What is Learning? Its definitions & basic 3 types- Classical, Operant & Observational Learning

What have you learn till now? (Think). When you start learning? Why learning is important? What is learning ?


Definition of Learning 

“Learning is any relatively permanent change in behavior brought about by experience or practice.

As per American Psychological Association, Learning is the acquisition of novel information, behaviors, or abilities after practice, observation, or other experiences, as evidenced by change in behavior, knowledge, or brain function.

Benjamin Bloom (1965) has suggested three domains of learning
1. Cognitive – to recall, calculate, discuss, analyse, problem solve, etc.;
2. psychomotor – to dance, swim, ski, dive, drive a car, ride a bike, etc.; and
3. affective – to like something or someone, love, appreciate, fear, hate, worship, etc

Learning takes place in many ways. The simplest kind of learning is called conditioning. Two types of conditioning have been identified. The first one is called classical conditioning, and the second instrumental/operant conditioning. In addition, we have observational learning, cognitive learning, verbal learning, concept learning, and skill learning.

3 major types of Learning 

  1. Classical Conditioning
  2. Operant/ Instrumental Conditioning
  3. Observational Conditioning

1.Classical Conditioning 

A type of learning in which an initially neutral stimulus—the conditioned stimulus (CS)—when paired with a stimulus that elicits a reflex response—the unconditioned stimulus (US)—results in a learned, or conditioned, response (CR) when the CS is presented.

First time by a Russian physiologist Ivan Pavlov (1928) through his experiment on a dog and gave a theory of learning called Classical Conditioning. He inserted a tube surgically in the dog’s salivary gland so that he could measure the amount of salivation. He then presented the sound of the bell and food one after the other several times and measured how much the dog salivated. After several trials the dog started salivating to the sound of the bell even when the food was not given.

In our daily life we learn many things by classical conditioning. For example, when a small child is given an injection, he starts crying due to pain. A small child slowly understands that whenever he visits the doctor, he is given an injection. When he understands the connection between ‘doctor’ and ‘injection’ he immediately starts crying as soon as he is taken to the doctor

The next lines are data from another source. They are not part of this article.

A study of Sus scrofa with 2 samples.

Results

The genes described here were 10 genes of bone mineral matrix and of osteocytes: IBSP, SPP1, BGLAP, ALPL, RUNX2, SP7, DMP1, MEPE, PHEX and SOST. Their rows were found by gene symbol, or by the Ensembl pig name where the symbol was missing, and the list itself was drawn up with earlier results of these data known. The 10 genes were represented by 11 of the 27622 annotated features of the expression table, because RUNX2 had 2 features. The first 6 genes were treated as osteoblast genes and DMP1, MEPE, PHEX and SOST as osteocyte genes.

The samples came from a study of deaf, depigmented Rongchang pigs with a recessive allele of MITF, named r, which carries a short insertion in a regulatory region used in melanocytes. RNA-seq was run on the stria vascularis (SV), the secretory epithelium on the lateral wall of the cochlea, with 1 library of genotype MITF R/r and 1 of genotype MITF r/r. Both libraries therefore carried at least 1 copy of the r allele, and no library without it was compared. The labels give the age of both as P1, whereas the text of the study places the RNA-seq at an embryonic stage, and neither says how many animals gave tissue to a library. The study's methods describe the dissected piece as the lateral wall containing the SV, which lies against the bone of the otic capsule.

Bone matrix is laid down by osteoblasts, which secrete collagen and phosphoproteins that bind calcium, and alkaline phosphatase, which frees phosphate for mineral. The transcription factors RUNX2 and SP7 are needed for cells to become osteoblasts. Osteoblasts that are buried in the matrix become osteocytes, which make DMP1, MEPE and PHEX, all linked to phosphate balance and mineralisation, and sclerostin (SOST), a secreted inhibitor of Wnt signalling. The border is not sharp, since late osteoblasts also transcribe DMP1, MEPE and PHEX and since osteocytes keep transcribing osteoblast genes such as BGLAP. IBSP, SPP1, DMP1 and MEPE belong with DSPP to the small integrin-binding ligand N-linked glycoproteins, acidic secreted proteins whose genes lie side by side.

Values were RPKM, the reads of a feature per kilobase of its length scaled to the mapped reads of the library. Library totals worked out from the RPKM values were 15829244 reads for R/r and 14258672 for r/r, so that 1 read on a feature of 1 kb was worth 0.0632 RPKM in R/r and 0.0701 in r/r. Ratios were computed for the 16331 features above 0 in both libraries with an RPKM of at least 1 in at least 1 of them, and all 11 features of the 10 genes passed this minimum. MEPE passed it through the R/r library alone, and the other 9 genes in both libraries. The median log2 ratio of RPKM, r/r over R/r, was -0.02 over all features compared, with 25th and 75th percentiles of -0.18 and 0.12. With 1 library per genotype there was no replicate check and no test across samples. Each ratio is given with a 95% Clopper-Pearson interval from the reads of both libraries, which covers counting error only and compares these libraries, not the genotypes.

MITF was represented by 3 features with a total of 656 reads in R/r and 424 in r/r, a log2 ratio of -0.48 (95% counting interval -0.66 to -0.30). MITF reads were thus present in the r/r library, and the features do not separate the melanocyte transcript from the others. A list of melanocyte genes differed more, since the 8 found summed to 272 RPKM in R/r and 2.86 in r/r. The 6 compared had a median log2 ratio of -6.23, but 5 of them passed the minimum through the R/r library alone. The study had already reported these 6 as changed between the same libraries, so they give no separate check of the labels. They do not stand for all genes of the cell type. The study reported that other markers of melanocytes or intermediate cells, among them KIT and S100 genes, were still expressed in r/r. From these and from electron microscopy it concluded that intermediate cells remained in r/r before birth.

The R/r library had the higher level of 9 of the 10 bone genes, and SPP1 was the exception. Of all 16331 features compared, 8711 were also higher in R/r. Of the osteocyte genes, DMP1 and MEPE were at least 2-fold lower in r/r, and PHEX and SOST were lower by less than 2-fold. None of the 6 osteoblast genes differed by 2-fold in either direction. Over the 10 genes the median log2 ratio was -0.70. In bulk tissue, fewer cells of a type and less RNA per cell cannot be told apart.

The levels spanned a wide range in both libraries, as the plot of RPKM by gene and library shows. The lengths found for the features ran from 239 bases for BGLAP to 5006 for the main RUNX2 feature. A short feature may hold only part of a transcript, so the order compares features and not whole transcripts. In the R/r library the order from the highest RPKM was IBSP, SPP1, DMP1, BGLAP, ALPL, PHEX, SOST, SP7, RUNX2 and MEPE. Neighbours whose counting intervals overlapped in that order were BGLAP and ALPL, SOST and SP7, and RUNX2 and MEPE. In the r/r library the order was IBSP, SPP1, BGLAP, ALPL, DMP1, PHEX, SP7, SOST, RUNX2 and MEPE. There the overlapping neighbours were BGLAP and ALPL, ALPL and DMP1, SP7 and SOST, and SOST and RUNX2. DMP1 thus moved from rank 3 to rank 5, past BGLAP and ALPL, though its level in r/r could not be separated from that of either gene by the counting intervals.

Also called Pavlovian conditioning; respondent conditioning; Type I conditioning; Type S conditioning.

2.Operant / Instrumental Conditioning

The process in which behavioral change (i.e., learning) occurs as a function of the consequences of behavior. Edward L. Thorndike (1874–1949), who observed the behavior of cats trying to escape from home-made puzzle boxes. Thorndike’s Law off Effect- ” Behaviors followed by satisfying consequences tend to be repeated and those that produce unpleasant consequences are less likely to be repeated.”

Examples are teaching a dog to do tricks and rewarding behavioral change in a misbehaving child.

Learning by an Operant Conditioning was explained by an American psychologist Burrhus Frederic Skinner (Father of operant conditioning). He performed an experiment in which a rat was put in a Skinner box that contained a lever. If the rat pressed that lever, he was given food. Gradually the rat learnt to press the lever to get food. Here the rat is learning to connect his behaviour of pressing the lever with receiving the food. According to Skinner certain behaviours may be learnt to gain positive consequences. Similarly, he also demonstrated that certain behaviours may be learnt to avoid negative consequences.

B. F. Skinner Rat Experiment


3. Observational Learning

Earlier this form of learning was called imitation. Bandura and his colleagues in a series of experimental studies investigated observational learning in detail. In this kind of learning, human beings learn social behaviours, therefore, it is sometimes called social learning. In many situations individuals do not know how to behave. They observe others and emulate their behaviour. This form of learning is called modeling.

Albert Banduras Bobo Doll Experiment.


We observe and imitate not only the movements of the body but also certain ways of thinking, evaluating, judging and decision making, etc.